Everything Belongs to God: Christian Stewardship
by the Reverend Sophirina Sign
Africa Ministry Series (Discipleship Resources International, 2016) 175 pages
Everything Belongs to God brings a fresh perspective to the crowded marketplace of publications on stewardship. The author brings a unique African point of view on giving, which challenges our consumptive way of life in the Global North. Joy in giving shines through this inspiring book. It boldly addresses biblical “kingdom principles of giving” in lessons on such themes as motivation, potential, faithfulness, and sacrifice (14). Readers will be blessed by contemporary testimonies of God’s provision in a different cultural context. These deep insights apply cross-culturally to American and other contexts.
The Rev. Sophirina Sign is an ordained elder in the United Methodist Church and adjunct faculty member at Africa University. She has served in the Zimbabwe Episcopal Area as a pastor in charge for several circuits, school chaplain, Station Chairperson, and Connectional Ministries Director. Sign holds a Bachelor of Divinity degree and a Master of Theological Studies in Christian education and New Testament. She also served as a high school teacher. Sign is a founding member, and a current leader, of the Zimbabwe Publishing Team of Discipleship Resources International, a publishing ministry in the Central Conferences through the General Board of Discipleship Ministries.
God’s unconditional love initiates our response of giving (36). We may wonder why we don’t always willingly give from what we received. “The reason the heart responds in a negative way,” Sign explains, “is that we allow it to be dominated by external or physical things instead of by the Word of God” (13). Christian conversion enables us to become committed in church and daily life (21). God works through our ongoing process of discipleship and sanctification to bring fruitfulness (82). Love will “guide us to give all we can for promoting the growth and prosperity of the kingdom of God. It enables us to rejoice in giving” (36). We can actively share in “bringing life to the lifeless,” the work of the Holy Spirit through our participation in the church’s mission (127).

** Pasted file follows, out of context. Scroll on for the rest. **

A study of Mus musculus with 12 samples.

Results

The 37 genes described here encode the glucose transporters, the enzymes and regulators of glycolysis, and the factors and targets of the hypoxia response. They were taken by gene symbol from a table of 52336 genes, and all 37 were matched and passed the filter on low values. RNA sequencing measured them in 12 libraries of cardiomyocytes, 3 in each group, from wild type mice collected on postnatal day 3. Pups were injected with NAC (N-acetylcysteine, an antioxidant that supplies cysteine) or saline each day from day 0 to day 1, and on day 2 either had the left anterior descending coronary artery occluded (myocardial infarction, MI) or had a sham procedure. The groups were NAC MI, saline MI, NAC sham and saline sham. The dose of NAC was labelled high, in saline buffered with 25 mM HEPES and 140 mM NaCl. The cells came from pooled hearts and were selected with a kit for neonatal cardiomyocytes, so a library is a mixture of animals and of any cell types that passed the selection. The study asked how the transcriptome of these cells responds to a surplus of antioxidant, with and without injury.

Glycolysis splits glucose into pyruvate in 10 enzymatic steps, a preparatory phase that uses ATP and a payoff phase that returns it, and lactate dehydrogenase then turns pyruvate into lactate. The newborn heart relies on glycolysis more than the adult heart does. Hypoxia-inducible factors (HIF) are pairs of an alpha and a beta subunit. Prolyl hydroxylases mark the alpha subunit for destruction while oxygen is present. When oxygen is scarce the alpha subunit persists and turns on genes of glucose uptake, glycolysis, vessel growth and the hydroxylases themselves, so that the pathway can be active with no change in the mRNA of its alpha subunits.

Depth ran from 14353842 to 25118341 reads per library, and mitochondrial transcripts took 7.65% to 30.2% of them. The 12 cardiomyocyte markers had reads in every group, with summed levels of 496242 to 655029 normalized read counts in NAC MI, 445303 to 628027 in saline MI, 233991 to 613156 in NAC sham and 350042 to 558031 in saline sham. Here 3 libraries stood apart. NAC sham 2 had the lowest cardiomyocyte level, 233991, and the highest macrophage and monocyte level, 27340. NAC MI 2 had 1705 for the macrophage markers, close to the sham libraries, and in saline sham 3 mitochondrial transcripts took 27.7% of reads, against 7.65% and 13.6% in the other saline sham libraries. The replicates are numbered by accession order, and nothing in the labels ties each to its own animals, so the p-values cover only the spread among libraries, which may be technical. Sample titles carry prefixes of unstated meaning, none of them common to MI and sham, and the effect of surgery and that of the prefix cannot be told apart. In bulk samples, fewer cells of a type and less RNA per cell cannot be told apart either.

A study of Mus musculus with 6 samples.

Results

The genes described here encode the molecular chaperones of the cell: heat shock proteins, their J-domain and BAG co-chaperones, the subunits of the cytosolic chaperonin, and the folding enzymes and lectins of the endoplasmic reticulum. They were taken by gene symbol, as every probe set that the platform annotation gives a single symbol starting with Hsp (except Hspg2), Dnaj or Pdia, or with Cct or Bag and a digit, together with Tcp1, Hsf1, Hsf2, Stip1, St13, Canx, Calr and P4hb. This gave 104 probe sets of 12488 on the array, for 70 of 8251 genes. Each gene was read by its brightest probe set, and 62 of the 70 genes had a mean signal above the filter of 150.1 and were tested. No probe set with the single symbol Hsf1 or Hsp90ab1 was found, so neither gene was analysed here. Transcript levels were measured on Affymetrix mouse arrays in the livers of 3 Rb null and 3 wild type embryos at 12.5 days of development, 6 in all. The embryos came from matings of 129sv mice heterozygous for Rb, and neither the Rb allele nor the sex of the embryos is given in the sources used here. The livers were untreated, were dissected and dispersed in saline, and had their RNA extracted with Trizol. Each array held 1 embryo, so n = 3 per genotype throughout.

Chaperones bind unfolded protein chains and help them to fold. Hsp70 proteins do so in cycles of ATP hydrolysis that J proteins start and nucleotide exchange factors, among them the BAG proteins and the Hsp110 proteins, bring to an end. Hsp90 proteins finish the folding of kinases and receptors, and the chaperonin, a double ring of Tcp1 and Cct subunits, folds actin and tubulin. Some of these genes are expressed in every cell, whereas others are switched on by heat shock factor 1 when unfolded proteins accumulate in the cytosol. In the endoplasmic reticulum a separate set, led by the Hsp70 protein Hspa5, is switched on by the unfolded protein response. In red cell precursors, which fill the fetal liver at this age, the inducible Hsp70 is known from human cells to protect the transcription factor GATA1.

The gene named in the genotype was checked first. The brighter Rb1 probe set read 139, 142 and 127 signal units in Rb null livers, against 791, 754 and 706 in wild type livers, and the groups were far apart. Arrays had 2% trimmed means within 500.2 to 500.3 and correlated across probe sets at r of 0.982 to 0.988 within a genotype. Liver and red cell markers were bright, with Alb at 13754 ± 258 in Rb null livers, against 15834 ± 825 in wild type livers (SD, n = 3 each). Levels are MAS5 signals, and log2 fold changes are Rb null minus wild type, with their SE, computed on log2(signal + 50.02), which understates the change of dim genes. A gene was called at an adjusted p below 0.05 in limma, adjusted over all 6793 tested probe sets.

Sign brings a dynamic viewpoint to the conversation about tithing and stewardship. Tithing is “a privilege, not a law” since it is based on gratefulness in our relationship with God (44). The offering during worship is not “a means of raising money,” but rather “a system for giving glory to God for his concern for each individual” (70). Christian views of the stewardship of singleness, marriage, children, and care of the body are addressed with compassion (133-141). Challenging questions cause us to reflect on the state of our heart. Ultimately, we may ask ourselves, “Is my offering representative of the one perfect Gift, Jesus Christ?” (72). This book will provoke meaningful sharing among students from high school through adults.
As part of the stewardship commitment of Discipleship Resources International, proceeds of every book sold go to support publishing in the Africa Central Conferences.